Since the 1970s, Disaster Risk has been understood as a compound event resulting from the intersection of a hazardous event (flood, drought, earthquakes, tropical cyclones,…), the exposure (human population, buildings, ecosystems or other assets) and the vulnerability of this exposure (the susceptibility of an exposed element to be impacted by a hazardous event of a given intensity).
However, exposure, hazards susceptibility and vulnerability are constantly evolving given increase population, climate change, ecosystem decline and change in socio-economics. This means that disaster risk is dynamic and needs to be regularly updated. The links between disaster risk, global environmental changes and sustainability nexus is explained here.
Here we are providing access to data related to disaster risk, we are also showing how ecoystems can be used to reduce the level of losses (see Eco-DRR platform).
Some of the data included here are available in near-real time, such as e.g. the detection of forest fires or earthquakes hazards (see WESR-Risk)
Risk: The combination of the probability of an event and its negative consequences.
Disaster Risk: The potential disaster losses, in lives, health status, livelihoods, assets and services, which could occur to a particular community or a society over some specified future time period.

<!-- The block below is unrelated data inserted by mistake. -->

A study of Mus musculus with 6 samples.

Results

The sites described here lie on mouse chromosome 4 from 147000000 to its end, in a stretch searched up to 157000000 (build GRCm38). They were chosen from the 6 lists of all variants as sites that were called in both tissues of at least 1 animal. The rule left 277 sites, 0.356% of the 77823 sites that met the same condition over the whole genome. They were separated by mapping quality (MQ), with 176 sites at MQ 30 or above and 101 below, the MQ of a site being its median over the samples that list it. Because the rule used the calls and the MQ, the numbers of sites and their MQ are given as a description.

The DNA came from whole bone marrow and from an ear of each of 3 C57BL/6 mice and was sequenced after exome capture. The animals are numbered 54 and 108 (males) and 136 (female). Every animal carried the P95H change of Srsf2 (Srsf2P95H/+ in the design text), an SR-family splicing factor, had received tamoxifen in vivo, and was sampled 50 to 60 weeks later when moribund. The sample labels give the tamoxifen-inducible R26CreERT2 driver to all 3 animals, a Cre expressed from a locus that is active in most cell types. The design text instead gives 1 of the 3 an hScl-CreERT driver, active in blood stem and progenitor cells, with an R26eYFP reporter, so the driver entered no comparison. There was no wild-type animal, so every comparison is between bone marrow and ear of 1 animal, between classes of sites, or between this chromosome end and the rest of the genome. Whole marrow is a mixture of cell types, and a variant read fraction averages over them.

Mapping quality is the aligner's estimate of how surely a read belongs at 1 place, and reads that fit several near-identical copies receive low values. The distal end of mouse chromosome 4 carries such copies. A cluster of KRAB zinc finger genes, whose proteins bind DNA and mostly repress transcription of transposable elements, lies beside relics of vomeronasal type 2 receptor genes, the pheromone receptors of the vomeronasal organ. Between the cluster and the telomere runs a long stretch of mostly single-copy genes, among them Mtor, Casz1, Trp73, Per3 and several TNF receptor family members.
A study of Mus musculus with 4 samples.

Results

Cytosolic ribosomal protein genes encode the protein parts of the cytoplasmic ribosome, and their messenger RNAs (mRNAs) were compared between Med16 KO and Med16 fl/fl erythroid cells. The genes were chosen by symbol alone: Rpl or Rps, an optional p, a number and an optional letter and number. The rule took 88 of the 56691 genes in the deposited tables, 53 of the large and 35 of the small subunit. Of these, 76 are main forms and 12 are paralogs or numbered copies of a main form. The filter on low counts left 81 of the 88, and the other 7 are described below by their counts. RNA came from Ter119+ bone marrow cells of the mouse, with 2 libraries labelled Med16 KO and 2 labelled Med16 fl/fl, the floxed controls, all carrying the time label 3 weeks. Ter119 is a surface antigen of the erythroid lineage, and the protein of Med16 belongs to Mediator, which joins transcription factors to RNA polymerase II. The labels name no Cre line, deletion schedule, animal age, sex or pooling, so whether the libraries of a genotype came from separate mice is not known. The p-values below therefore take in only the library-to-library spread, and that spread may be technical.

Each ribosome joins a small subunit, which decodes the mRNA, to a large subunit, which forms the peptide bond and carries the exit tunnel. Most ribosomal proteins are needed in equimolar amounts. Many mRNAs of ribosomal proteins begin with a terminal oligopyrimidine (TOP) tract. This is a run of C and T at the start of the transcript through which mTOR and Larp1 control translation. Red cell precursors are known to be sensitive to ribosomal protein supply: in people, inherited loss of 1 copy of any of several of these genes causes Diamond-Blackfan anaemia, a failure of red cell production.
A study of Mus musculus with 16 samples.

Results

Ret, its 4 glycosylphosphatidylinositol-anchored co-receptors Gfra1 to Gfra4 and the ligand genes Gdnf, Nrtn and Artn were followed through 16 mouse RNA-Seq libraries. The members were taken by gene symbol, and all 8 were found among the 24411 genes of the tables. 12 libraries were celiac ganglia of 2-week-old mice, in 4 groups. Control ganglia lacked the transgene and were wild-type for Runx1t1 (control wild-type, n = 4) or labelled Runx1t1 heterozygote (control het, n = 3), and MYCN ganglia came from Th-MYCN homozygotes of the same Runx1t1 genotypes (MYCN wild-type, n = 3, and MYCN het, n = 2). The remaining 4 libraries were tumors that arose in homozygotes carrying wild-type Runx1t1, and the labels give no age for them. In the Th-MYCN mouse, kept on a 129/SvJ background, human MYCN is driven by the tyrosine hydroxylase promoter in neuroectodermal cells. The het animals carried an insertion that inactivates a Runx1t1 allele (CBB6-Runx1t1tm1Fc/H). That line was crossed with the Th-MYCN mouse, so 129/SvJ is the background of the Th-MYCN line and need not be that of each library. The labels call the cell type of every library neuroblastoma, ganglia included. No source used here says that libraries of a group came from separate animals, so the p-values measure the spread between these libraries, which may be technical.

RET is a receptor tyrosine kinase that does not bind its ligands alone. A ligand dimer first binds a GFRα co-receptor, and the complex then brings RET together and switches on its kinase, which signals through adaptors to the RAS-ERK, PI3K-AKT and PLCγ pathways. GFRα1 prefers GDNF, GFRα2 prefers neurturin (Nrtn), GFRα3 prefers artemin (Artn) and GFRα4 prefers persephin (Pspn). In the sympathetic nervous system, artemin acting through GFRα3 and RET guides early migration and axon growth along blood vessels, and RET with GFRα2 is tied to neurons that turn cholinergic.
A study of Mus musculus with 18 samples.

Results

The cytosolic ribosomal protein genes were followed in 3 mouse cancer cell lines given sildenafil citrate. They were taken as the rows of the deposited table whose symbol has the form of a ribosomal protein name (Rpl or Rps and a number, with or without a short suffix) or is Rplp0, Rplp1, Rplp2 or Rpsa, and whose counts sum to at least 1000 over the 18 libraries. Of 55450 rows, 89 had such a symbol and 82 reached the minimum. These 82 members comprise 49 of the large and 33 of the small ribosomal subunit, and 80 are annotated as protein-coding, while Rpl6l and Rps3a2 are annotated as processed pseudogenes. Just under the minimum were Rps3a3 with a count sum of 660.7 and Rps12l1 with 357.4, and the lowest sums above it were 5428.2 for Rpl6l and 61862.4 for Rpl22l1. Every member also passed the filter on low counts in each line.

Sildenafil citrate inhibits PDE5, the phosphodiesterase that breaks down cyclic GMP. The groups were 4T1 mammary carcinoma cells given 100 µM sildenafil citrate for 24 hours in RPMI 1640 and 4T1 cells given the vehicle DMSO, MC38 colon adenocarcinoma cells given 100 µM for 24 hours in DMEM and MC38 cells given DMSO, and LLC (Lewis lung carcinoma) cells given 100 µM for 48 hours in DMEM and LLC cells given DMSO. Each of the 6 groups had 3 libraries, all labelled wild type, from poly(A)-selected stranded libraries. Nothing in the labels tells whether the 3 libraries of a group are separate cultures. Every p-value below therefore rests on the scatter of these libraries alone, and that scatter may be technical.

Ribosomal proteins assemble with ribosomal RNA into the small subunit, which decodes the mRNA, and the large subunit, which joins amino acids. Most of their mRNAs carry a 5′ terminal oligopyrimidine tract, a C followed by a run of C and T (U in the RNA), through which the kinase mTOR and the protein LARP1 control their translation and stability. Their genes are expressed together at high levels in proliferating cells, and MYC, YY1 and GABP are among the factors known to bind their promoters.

Hazard: A dangerous phenomenon, substance, human activity or condition that may cause loss of life, injury or other health impacts, property damage, loss of livelihoods and services, social and economic disruption, or environmental damage.
Exposure: People, property, systems, or other elements present in hazard zones that are thereby subject to potential losses.
Vulnerability: The characteristics and circumstances of a community, system or asset that make it susceptible to the damaging effects of a hazard.
Coping capacity: The ability of people, organizations and systems, using available skills and resources, to face and manage adverse conditions, emergencies or disasters.
Resilience: The ability of a system, community or society exposed to hazards to resist, absorb, accommodate to and recover from the effects of a hazard in a timely and efficient manner, including through the preservation and restoration of its essential basic structures and functions.